The last full week of fall every year, booksellers, publishers, journalists, teachers and libraries, including Pierce’s, participate in Banned Book Week.
Banned Book Week, an event put on by the American Library Association, aims to end censorship of information, even if it may be controversial. The event is also meant to raise awareness of book banning across the U.S.
For Pierce students, this is a chance to become aware of the censorship of information around them.
“At its core, I would say ‘Banned Books’ is celebrating our freedom to read,” said Dean of Library and Learning Resources, Christie Flynn, “celebrating the fact that not one person, not one business, not one company, one institution, nobody censors our information and keeps information out of our hands.”
According to the ALA website, many popular classics such as Of Mice and Men, Catcher in the Rye, To Kill a Mockingbird and The Giver are often challenged. From 2000-2009, all of these books ranked towards the beginning of the top 100 books challenged or banned.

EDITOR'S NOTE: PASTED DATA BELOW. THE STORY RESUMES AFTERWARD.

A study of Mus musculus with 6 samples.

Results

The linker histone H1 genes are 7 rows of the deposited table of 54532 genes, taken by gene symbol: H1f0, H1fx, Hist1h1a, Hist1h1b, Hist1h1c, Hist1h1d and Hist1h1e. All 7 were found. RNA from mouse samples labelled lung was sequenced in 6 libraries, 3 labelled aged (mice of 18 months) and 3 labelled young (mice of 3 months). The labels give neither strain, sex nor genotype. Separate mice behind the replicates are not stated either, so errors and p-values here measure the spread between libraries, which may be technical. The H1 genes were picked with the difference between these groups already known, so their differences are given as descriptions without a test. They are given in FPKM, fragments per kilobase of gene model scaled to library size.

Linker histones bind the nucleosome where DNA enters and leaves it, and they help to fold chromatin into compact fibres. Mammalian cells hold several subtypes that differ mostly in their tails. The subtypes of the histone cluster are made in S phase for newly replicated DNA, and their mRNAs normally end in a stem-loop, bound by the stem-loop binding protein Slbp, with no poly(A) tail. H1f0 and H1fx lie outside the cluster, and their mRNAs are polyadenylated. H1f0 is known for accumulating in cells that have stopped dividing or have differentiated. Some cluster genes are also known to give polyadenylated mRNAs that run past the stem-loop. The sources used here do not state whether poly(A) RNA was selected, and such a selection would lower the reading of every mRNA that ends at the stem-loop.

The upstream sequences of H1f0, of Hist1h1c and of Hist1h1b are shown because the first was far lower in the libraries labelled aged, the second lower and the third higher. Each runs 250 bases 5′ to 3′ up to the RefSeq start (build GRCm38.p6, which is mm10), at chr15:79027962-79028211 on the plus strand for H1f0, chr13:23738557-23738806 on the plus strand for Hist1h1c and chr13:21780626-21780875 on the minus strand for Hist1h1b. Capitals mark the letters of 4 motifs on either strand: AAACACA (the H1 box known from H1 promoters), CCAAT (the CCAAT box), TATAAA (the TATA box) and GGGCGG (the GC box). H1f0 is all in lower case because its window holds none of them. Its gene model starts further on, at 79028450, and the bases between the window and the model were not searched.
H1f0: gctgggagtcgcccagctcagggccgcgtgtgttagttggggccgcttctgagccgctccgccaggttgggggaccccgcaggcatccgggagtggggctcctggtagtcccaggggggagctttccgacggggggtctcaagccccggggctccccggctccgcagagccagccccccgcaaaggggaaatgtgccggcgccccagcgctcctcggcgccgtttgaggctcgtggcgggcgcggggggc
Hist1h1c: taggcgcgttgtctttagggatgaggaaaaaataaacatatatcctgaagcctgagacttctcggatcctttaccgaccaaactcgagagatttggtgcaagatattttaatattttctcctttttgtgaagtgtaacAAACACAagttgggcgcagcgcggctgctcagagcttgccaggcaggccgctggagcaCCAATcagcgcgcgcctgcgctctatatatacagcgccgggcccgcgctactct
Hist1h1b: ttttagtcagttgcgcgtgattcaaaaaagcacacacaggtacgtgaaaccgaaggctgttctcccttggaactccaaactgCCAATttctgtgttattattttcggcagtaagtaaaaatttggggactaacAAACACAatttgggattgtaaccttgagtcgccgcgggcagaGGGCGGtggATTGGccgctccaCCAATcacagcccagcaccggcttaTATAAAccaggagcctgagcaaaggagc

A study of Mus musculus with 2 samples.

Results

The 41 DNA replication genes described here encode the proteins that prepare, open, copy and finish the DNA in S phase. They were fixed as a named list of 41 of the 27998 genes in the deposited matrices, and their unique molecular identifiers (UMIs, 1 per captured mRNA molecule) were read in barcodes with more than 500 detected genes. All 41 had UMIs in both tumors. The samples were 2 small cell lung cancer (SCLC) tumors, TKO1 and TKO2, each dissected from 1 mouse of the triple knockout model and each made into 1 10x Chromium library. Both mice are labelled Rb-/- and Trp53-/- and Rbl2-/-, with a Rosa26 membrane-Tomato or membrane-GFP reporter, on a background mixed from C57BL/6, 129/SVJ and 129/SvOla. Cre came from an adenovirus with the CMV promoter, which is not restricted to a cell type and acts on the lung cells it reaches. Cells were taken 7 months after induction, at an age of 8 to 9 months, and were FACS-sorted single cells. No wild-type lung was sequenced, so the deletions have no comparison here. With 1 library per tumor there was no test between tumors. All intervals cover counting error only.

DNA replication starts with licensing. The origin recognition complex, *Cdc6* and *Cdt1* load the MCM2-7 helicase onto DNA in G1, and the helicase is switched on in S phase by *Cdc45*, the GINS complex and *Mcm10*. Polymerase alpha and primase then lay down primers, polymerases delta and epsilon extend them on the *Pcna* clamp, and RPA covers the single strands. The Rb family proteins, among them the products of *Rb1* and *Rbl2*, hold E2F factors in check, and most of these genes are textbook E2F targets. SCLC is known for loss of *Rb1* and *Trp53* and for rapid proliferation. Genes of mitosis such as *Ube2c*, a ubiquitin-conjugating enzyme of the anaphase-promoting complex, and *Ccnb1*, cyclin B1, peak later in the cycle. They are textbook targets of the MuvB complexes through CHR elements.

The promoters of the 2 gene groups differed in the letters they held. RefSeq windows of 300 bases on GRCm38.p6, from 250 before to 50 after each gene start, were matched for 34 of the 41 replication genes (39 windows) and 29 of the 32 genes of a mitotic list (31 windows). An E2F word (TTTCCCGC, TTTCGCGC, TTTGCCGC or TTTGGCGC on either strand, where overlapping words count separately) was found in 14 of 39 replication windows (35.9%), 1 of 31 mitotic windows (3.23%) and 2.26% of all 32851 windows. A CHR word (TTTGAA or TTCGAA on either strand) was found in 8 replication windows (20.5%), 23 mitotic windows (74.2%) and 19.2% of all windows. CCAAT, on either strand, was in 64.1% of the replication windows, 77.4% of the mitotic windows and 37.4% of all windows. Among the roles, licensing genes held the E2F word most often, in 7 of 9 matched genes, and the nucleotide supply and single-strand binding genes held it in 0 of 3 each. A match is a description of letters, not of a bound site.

Books are challenged for various reasons, ranging from witchcraft, to racial issues, to profanity to sexual content. In 2013, the top four books to be banned or challenged were, among other reasons, all challenged for having “offensive language.”
While books can sometimes be offensive or controversial, Pierce librarians don’t believe this is a reason to ban them.
“Libraries, historically and traditionally, are places where everyone can come and get access to any and all information for free,” said reference and instruction librarian Kathy Stewart.
Flynn, who has been with Pierce for 16 years, says that Pierce has been involved with Banned Book Week for the last 15 years.
She says Pierce originally became involved because of their strong association with the ALA. While other organizations such as the Freedom to Read Foundation and Coalition Against Censorship join in, the ALA seems to lead the charge.
While it is uncommon for books to be formally challenged at Pierce College, Flynn says when she worked at a public library, it was far from unheard of.
Flynn and Swart both agree it isn’t the libraries place to censor any information from either side of any argument.
“Usually when a book is challenged, our response is not to remove that book from the collection,” Flynn said. “We would probably add something that was in favor of or positive of the other side.”
Because it happens during the first week of fall quarter, Pierce librarians have difficulty planning events around Banned Book Week. Still, the Puyallup Pierce library has put up a display of books that have been challenged or banned at other libraries. The books on the display are welcome and encouraged for students to check out and read.